Sunday, August 28, 2005

My Sierra Camp

So the staff is officially awesome. More on that in a minute.

There’s really no way to describe how massive and logistically mind-boggling it is to get this operation underway. I’ve been hearing about Semester at Sea since Bobby first traveled in 1999, and have immersed myself in the process since first applying for the job in 2001, but I really didn’t understand how big this beautiful ship was until I entered it for the first time yesterday afternoon. Relatively speaking, the ship isn’t even that big – massive cruise ships, easily a couple times bigger than the Explorer, have been coming in and out of the port all these last few days. But I'm sure I'll be picking the brains of the crew members and administrative staff trying to understand what it takes to get 700 people around the world in a ship like ours.

Due to an overflow of students, several of us staff members have been housed in the restricted area of the ship alongside the crew. There is a very distinct separation of powers on the ship, and the crew areas are strictly off limits to any non-crew members (staff, faculty, and students). That is, with the exception of The Pit, where we can allow other staff members in here. But that’s it.

Sounds bad, but it is kind of cool, actually. Our rooms certainly aren’t as nice as anything on the academic side of the ship, but we’re starting to develop a very fun reputation around the ship, and making sure that once students are on board, this (and the faculty lounge) will be the place where the staff gets to party. Hard. My cabin is surrounded by people such as Sony, a former videographer for CBS who is shooting the video for this trip (it isn’t part of my job, but I’ll definitely be helping her out as much as I can), Chris, an amazing photographer who absolutely captured the essence of Nassau in the pictures he took today, and Jason, the campus store manager who would feel completely at home living in the Ranch. We hang out a lot. Yup, things are fun.

There are more, and I can’t say enough about the rest of the staff and faculty. One of my favorite things about Stanford was the fact that almost everybody was passionate about something, and these are the people that facinate me the most. The same thing is happening here all over again. It takes a certain kind of personality to apply work for Semester at Sea, and these are fascinating people who also happen to know a good time. And we’re meeting a ton of these people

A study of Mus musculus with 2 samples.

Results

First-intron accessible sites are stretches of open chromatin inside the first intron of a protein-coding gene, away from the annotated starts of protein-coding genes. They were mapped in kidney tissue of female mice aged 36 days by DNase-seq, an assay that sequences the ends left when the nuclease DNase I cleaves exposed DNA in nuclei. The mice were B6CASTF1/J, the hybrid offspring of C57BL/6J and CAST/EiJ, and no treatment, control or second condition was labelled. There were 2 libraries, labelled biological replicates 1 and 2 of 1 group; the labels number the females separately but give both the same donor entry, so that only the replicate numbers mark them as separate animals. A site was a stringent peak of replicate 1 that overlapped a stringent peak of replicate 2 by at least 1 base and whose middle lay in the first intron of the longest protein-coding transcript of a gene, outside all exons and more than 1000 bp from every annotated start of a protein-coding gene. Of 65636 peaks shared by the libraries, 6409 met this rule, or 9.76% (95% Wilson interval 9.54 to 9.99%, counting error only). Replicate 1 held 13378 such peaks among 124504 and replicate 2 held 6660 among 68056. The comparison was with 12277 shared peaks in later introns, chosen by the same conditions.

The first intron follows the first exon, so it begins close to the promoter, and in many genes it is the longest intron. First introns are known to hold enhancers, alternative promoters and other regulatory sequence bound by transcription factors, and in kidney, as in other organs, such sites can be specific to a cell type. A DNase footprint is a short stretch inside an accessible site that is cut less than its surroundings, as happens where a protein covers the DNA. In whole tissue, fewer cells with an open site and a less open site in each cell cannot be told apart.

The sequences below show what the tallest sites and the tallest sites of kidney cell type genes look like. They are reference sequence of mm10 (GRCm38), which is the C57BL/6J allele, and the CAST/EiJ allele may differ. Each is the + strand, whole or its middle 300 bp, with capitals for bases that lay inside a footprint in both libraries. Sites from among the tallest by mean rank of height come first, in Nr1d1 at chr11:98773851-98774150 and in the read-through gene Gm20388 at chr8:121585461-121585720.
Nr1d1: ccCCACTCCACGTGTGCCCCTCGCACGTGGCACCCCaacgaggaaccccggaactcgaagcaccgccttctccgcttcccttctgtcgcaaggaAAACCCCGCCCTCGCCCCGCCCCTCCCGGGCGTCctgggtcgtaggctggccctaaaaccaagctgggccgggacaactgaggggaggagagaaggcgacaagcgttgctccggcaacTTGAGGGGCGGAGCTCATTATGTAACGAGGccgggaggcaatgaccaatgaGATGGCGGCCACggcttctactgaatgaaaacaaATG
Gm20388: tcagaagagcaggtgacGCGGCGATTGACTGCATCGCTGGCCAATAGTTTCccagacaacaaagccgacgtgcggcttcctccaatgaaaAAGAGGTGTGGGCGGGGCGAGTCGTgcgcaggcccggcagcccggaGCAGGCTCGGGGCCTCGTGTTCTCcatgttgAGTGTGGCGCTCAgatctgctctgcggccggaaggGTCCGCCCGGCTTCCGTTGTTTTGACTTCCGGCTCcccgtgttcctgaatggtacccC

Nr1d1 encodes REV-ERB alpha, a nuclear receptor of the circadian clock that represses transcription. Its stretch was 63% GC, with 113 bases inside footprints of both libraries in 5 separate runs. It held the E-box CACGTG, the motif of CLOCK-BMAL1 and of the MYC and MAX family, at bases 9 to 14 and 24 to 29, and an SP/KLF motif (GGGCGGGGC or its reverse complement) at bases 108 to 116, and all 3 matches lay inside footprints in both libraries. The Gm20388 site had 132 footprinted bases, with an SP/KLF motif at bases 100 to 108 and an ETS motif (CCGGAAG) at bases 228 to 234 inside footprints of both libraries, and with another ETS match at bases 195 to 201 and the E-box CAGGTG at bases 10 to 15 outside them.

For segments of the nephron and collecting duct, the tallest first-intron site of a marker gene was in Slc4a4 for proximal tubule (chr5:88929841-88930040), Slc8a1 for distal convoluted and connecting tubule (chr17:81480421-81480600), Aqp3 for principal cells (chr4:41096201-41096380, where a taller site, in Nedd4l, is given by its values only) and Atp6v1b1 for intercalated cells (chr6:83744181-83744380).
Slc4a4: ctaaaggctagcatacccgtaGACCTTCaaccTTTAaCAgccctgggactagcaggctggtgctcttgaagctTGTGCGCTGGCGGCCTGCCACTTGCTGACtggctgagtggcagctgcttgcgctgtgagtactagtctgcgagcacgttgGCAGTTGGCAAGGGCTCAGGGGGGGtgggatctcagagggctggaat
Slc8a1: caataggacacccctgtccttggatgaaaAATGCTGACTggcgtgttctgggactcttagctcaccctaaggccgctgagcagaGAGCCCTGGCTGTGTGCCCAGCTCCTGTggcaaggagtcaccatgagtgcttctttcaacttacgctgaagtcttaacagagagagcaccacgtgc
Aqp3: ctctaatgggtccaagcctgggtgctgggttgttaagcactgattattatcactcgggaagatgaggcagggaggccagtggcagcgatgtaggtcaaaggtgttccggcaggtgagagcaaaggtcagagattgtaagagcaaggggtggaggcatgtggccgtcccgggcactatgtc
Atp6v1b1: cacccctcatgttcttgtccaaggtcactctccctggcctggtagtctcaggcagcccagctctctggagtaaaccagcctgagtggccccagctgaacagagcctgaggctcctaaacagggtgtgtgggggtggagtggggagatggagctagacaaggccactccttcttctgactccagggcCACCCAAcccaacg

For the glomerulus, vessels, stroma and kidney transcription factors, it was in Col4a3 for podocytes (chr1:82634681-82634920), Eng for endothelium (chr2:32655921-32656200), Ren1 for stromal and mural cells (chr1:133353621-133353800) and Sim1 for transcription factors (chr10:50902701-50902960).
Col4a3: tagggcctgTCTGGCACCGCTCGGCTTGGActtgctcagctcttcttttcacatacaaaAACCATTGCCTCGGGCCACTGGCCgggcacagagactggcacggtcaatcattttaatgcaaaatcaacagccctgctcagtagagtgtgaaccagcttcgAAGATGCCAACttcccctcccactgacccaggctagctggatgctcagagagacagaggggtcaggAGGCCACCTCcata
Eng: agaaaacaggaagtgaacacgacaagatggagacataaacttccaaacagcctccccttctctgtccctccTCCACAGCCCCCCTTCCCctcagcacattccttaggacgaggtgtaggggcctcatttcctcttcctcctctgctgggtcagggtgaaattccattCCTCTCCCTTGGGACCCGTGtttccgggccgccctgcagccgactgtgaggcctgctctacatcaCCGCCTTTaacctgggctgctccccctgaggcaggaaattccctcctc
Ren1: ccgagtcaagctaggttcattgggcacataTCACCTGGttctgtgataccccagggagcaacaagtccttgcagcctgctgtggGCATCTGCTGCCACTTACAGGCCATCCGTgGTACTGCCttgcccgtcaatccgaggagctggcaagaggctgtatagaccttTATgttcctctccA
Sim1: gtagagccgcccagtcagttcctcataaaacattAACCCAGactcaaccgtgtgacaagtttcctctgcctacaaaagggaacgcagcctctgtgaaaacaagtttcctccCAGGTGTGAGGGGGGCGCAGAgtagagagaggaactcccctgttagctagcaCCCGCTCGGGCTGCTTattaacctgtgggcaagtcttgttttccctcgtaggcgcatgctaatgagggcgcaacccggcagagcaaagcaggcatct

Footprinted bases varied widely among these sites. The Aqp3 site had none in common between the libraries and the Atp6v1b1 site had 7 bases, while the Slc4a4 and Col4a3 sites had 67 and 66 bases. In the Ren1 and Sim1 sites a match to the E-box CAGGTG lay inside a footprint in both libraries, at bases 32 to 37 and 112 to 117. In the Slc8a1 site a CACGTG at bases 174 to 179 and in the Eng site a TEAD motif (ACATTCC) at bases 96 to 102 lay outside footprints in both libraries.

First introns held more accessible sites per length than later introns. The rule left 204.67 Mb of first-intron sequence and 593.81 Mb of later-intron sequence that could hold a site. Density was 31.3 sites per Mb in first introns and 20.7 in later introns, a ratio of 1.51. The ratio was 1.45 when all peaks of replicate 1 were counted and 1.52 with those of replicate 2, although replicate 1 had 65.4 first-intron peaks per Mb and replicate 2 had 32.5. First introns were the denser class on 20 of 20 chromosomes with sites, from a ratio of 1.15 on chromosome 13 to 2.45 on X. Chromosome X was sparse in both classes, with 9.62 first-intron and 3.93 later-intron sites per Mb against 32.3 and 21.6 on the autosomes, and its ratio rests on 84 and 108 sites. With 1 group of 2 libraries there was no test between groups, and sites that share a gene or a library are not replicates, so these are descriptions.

I’m working closely with Allen, a crew member who became an AV technician after spending years as the ships radio engineer. The guy is awesome and will be a pleasure to work with (alongside my four work-study students).

My schedule during orientation has been somewhat light, especially since it didn’t take long to figure out the ship’s equipment (thank you, Transvideo!). So I took a several hours to explore Nassau on my own, on foot. Nassau oozes remnants of British colonialism, and becomes very apparent as you walk past all sorts of architecture and remnants and memorials and to old white British people in this predominantly black city.

By seeking the highest spot on the island (wasn’t very high), I found the old fort, which was adjacent to the Queen Staircase. All I know from the Queen Staircase comes from a tour guide that greets you at the top of the stairs as you try to go down. I was the only tourist in the area doing this when he stopped me and started giving me his well-prepared spiel on the steps. Halfway through it, in mid-sentence, he falls asleep. Thirty seconds later, he wakes up, and without missing another beat, continues the story as if nothing had happened.

I had the narcoleptict tour guide. After the third time falling asleep talking directly to me, I had enough time to pull my camera out and snap a picture of him snoozing. His last sentence, after waking up for the third time, was that “any gratuity is appreciated for his services.” Needless to say, I tipped him.

I had my snorkeling gear with me, so I walked alongside a beach for another hour looking for a place to get in and came to a dock where a lot of little Bahamian kids were running off and jumping into the water and having the happiest time of their lives. I just parked my stuff, sat down, and just watched them do this for another hour.

I could have watched them all day.

I did manage to go snorkeling (and scuba-diving yesterday), but the pier was pretty awesome. Life is good. My two biggest wish-lists at Stanford that I never got to do were 1) Go overseas for a while, and 2) work at Sierra Camp. I’m getting the impression that I’m killing two birds with one stone on this trip.

2 comments:

Bob said...

Man, I gotta see that tour guide-can you post a pic? Sounds amazing, thanks Rico!

Anne said...

Rico, I totally remember the first few days and meeting everyone. Some of these people will be your new best friends (literally) and others will drive you crazy by the end. Pick wisely! ;-) Give Melissa a big hug for me. I'll just be here sitting at my desk for the next 100 days reading about your adventures. Oh by the way, the staff that were housed in crew quarters during my voyage had the best time by far. Knowing the crew certainly has its privileges.